Palm prepares to say goodbye to epynomous OS

Whether it was triggered by anticipation of Palm’s new OS or the upcoming demise of the old one, Palm’s handest sales took a nose-dive in the last quarter. The company sold 482,000 smartphones in the three months ending Feb. 27, almost half of the number sold last year, while device revenues dropped 72%. Though not exactly the kind of numbers any company wants to see, they were largely expected as Palm prepares to sunset the Palm OS, replacing it with its new Linux-based operating system sometime this year.

“We’re proceeding through a challenging transitional period, however our current results shouldn’t overshadow the tremendous progress we’ve made against our strategic goals,” Palm CEO Ed Colligan said in a statement. ”We’re poised to usher in a new era at Palm.”

With the new Pre, Palm is tapping into recent trends in wireless that emphasize Linux-based operating systems with a high-degree of Web-based functionality. It’s old Palm OS was originally designed as PDA operating system, which carried over to the smartphone when the Treo was born. Palm isn’t taking a complete departure from its roots. It’s still leveraging its expertise in personal information management and synchronization–it’s just adding a Web-based spin. For instance, instead of merely synching with enterprise apps on the PC and office network, the Pre will aggregate e-mail and calendar entries from Web-based and enterprise-based sources.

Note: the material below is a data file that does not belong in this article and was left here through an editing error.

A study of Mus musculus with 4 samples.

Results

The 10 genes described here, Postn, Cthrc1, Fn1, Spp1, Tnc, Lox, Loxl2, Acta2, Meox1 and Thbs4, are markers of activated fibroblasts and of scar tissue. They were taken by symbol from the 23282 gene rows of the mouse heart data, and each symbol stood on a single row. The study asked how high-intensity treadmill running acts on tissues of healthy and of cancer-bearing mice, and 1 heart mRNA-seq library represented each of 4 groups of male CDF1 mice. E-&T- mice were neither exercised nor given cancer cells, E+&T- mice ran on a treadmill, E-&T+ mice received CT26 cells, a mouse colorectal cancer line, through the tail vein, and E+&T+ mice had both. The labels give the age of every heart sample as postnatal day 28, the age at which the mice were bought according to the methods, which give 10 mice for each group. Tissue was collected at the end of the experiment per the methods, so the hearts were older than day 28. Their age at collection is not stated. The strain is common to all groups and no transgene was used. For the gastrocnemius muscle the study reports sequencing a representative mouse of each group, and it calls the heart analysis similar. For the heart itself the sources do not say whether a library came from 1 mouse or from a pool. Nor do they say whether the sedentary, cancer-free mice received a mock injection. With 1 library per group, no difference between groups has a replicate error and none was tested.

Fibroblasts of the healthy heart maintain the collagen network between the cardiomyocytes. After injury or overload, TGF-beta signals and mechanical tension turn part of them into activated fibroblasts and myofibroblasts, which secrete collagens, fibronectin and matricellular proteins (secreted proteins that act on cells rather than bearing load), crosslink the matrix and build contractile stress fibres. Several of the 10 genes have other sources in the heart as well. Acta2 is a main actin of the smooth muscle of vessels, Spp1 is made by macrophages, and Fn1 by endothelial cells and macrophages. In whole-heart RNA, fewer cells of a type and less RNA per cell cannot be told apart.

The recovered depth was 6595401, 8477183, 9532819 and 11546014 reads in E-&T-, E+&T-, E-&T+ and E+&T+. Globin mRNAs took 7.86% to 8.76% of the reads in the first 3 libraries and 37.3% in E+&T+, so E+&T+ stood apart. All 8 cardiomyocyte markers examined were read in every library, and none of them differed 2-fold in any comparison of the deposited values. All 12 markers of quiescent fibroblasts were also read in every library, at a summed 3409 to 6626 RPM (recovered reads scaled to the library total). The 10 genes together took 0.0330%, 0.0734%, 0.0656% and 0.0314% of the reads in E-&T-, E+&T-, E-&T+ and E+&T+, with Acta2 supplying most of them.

Palm, however, is in a race against time. Gartner estimated 15.6 million smartphones were shipped in the 4th quarter, making Palm’s market share miniscule. Palm continues to sell Microsoft Windows Mobile-based smartphones, but it will have trouble selling Palm smartphones based on an OS consumers know is obsolete. It needs to get the Pre out soon.